There’s this bizarre disconnect in the brains of Utah voters. Every time they are asked about their top priorities, education comes in at or near the top of the list.

Yet, when they’re given an opportunity to put their money behind it, they refuse.

That inconsistency was illustrated with crystal clarity in the recent poll by The Salt Lake Tribune and Hinckley Institute of Politics, where 56 percent of voters said they opposed a measure on the November ballot to encourage an increase in the gas tax with the proceeds going toward improving Utah’s miserable education funding.

The gas tax proposal was supposed to be part of a compromise with Our Schools Now, a group of prominent Utah business leaders like Utah Jazz owner Gail Miller and Zions Bank president Scott Anderson, who contend Utah’s underfunded schools are jeopardizing the state’s workforce and future economic growth.

They had sought an income tax increase that would have generated $700 million for public schools. That proposal, however, was in trouble right out of the gate, with mediocre support. And with opponents poised to unleash millions of dollars of ads opposing the initiative, they did the prudent thing: They made a deal.

The Legislature agreed to make a change to property tax formulas that could bring in as much as $200 million and then put a nonbinding gas tax measure on the November ballot for voters to decide. (Leaders targeted the gas tax because it could replace other sales tax dollars that have been propping up sagging road funding in recent years.)

As part of the deal, state leaders agreed to encourage voters to support the initiative, and if it passed, it was assumed that the Legislature would then hike the gas tax.

We got a taste of that milquetoast support from Gov. Gary Herbert last week, when he questioned whether the gas tax increase was even necessary, because Utah could see new money coming in after the Supreme Court ruled that states could begin collecting sales taxes from online purchases.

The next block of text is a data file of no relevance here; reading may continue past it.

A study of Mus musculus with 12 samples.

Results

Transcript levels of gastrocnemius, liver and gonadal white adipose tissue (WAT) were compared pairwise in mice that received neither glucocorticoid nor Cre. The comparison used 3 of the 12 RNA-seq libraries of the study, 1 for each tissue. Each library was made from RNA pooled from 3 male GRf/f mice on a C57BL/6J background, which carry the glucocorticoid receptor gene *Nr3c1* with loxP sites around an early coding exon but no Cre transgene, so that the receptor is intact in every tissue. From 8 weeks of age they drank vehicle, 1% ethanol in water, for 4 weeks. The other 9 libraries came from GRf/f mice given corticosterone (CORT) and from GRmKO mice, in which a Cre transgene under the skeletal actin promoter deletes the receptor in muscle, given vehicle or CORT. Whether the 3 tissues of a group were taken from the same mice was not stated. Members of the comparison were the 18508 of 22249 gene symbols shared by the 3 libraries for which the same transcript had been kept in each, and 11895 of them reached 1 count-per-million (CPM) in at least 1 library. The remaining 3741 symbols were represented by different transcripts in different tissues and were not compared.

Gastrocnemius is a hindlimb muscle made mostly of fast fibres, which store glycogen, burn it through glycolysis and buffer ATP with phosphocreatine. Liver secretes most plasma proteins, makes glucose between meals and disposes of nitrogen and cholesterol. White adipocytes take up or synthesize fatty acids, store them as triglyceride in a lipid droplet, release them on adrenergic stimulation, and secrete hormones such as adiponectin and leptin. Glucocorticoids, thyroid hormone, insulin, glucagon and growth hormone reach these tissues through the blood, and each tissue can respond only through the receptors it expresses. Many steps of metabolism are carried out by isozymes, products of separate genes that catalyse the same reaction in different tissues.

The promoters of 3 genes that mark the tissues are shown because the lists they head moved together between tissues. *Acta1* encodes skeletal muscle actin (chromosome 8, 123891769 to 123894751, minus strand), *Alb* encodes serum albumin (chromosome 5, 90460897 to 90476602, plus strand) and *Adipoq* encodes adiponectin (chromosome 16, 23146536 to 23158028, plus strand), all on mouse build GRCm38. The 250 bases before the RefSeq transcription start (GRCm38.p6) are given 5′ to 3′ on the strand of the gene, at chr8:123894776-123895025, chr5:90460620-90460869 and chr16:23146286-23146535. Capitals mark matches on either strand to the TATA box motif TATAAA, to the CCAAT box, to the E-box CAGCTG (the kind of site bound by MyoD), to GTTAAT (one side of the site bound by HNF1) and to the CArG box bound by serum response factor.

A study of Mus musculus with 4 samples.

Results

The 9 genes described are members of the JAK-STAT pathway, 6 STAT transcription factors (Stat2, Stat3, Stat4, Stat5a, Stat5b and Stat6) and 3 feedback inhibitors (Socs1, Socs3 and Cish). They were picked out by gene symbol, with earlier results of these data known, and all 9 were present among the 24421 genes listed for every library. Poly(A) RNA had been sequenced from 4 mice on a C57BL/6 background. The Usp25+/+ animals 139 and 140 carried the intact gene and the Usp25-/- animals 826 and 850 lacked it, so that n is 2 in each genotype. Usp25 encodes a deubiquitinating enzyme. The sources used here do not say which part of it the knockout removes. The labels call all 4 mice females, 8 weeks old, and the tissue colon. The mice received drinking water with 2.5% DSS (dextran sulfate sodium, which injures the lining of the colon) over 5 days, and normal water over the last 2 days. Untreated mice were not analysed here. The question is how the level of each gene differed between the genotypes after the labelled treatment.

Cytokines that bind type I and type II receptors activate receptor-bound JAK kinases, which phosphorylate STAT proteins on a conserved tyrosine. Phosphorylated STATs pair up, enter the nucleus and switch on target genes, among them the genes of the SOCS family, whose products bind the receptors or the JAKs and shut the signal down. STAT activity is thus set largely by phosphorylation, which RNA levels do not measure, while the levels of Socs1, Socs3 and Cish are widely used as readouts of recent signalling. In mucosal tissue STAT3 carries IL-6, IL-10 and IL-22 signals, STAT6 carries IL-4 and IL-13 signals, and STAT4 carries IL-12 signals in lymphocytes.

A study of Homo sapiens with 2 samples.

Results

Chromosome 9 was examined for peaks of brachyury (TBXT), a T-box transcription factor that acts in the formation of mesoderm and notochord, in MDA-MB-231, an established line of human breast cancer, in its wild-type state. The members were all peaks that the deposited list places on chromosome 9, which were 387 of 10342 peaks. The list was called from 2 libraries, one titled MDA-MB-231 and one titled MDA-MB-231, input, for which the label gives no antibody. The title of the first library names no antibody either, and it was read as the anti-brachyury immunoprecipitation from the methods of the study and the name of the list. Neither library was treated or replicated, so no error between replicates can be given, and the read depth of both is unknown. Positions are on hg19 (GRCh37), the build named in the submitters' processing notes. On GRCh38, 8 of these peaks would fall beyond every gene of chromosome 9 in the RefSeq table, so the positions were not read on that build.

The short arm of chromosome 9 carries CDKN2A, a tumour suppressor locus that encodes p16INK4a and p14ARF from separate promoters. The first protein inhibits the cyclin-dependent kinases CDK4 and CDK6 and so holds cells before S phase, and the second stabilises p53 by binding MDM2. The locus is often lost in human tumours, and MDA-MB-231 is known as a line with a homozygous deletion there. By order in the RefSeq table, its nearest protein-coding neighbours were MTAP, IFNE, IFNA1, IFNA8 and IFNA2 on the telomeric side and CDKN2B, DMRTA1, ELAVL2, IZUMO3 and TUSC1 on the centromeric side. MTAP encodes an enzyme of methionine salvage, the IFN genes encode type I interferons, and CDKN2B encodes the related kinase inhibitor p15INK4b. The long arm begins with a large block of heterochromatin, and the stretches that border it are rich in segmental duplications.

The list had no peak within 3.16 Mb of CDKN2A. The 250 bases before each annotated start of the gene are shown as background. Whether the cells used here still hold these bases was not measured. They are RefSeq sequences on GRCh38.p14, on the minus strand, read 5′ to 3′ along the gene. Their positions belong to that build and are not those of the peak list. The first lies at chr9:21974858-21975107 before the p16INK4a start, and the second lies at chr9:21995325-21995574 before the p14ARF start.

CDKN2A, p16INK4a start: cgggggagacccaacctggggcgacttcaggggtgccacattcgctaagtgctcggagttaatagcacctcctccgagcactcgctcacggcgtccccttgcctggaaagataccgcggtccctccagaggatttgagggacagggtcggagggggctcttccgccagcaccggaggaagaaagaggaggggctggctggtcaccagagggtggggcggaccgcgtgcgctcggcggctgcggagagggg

“If we find that money coming in [from new online sale tax revenue] would be enough to offset and forgo the raising of the gas tax … that’s part of a discussion going forward. We will have that debate,” he said.

For a long time, Herbert had thrown around a projection of how much the state was losing from online sales, figures as high as $285 million.

The court’s ruling was the right one. There is no reason that mom-and-pop stores on Main Street should be required to charge sales tax and behemoths doing business online should not.

Here’s the problem: Most of the big online retailers are already paying sales tax. Amazon, of course, is the biggest of the bunch, accounting for 1 out of every 5 dollars in online sales.

But, according to the Utah Tax Commission, other big companies are already paying, too, like Google, Apple, Macy’s, Target, Home Depot, Zappos, WalMart, Netflix, BestBuy, Overstock, eBay and many more.

The amount the state is losing is nowhere near $285 million.

“We figure we’re down to less than $100 million [from those] that are not,” said Charlie Roberts, spokesman for the Utah State Tax Commission. Picking up the Amazons of the world was plucking the gigantic, low-hanging fruit. “You start chasing all the little guys across the nation, that’s a whole different story.”

Long story short, we can’t count on internet sales tax to turn around our inadequate education funding.

Moreover, we need to start preparing for the future. Utah consistently ranks as the fastest- or among the fastest-growing states. That means more students will be entering a school system already bursting at the seams.

The Legislature and governor, to their credit, have been increasing education spending faster than the national average — with an 8.3 percent increase between 2010 and 2015, according to a study by the nonpartisan Utah Foundation.

Still, because of large families, Utah remains last in the nation in per-pupil spending.

If Utahns truly value a public education, they need to pay for it. It’s as simple as that. And if just 42 percent of voters are willing to get behind the ballot measure to fund education, then we need to admit that we don’t care if our kids go to school in crowded classrooms with overworked and undersupported teachers.

I always believed we were better than that. I believed the polls where voters say education matters. Turns out 56 percent of Utahns are proving that simply may not be true.